Sunday, November 25, 2007

More High Kwality Science

Call me cynical, but I just wasn't that surprised by the latest rash of government data security atrocity stories. Sure, their systems are a trainwreck, but then isn't their everything ?

There's plenty of reasons behind the government's ability to scupper even the most trivial activities, but one of the biggest must be the central problem of government acting as both player and referee. That's how we end up shambles like this:
Millions of pounds of charity donations and taxpayers' money have been wasted on worthless cancer studies, the BBC has learned.

File On 4 has discovered thousands of studies have been invalidated.

It found some scientists have failed to carry out simple and inexpensive checks to ensure they are working with the right forms of human tumour cells.
In other words they think they're examining apples when it's actually oranges. You can see how that would be a problem. Or at least you'd think it would be a problem, but not for the government apparently.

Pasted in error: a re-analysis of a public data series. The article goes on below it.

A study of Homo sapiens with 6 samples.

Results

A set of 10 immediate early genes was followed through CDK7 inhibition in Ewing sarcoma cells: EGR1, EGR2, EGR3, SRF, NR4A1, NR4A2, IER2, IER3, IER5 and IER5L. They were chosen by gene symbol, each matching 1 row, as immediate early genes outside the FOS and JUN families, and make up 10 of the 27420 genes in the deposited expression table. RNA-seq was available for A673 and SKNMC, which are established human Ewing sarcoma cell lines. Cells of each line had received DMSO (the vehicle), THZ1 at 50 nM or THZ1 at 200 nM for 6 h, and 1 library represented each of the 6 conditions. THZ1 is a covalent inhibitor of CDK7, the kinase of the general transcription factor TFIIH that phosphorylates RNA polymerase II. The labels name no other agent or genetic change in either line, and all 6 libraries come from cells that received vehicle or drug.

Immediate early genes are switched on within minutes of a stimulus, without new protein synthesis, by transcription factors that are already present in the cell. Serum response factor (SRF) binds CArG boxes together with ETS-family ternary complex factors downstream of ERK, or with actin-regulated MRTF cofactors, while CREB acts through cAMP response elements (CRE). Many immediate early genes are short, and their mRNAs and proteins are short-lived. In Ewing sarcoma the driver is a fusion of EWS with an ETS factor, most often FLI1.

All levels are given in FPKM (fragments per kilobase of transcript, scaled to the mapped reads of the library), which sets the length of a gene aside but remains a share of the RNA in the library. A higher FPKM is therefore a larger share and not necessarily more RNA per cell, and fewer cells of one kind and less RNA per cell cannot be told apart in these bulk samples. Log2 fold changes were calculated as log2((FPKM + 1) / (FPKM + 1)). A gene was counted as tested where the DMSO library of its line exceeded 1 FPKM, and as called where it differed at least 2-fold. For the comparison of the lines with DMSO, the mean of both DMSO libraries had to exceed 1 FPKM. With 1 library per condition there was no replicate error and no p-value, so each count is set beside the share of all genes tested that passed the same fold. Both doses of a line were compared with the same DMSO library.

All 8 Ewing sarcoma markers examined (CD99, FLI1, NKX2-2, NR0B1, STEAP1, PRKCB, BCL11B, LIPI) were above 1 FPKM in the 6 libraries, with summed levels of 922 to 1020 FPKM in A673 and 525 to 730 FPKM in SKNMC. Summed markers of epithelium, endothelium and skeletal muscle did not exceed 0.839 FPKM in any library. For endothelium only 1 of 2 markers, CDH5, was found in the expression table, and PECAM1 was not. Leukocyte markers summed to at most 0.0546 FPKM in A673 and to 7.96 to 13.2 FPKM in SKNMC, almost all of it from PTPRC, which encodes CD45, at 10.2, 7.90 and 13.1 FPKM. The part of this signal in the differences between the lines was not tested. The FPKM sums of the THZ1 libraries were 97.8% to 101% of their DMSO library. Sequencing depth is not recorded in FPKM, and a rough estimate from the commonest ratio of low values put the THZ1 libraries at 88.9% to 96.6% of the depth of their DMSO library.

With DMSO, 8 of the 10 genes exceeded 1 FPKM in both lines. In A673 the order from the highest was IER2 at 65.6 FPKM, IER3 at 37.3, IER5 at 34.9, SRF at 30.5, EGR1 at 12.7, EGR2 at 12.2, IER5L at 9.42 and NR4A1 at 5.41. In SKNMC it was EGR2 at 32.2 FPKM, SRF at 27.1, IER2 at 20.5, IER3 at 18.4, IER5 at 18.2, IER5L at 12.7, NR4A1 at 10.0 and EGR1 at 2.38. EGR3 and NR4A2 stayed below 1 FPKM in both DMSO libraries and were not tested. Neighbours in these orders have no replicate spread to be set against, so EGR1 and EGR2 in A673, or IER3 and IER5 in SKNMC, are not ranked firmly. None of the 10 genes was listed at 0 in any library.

But the Medical Research Council, the major source of public funds for such research in the UK which provides £70m of grants annually for cancer studies, is reluctant to enforce authentication.

Dr Rob Buckle of the MRC told the BBC: "As soon as you start talking about regulation we have to ensure that it is proportionate and does not inhibit research."
How come that never applies in any other context ? Isn't a £100 000 skin cancer study that's actually studying breast cancer cells at least as serious as the need to protect the public from excessive musicianship ? It's not even as if cell line contamination isn't a known issue:
Because of their avid adaptation to growth in tissue culture plates, HeLa cells are sometimes difficult to control. For example, they have proven to be a persistent laboratory "weed" and they can contaminate other cell cultures in the same laboratory, interfering with biological research. The degree of HeLa cell contamination among other cell types is unknown, because few researchers test the identity or purity of already-established cell lines. It has been demonstrated that a substantial fraction of in vitro cell lines - approximately 10%, maybe 20%, are actually HeLa cells, due to the fact that the original cells in the cell culture have been overwhelmed by a rapidly growing population derived from HeLa contaminant cells.
So in other words huge amounts of research is either useless or actively misleading, but no one in the scientific community wants to rock the boat and the government's boldly opted to keep the taps open, rather than risk a spat with the nerd community - but you can trust these guys on climate change!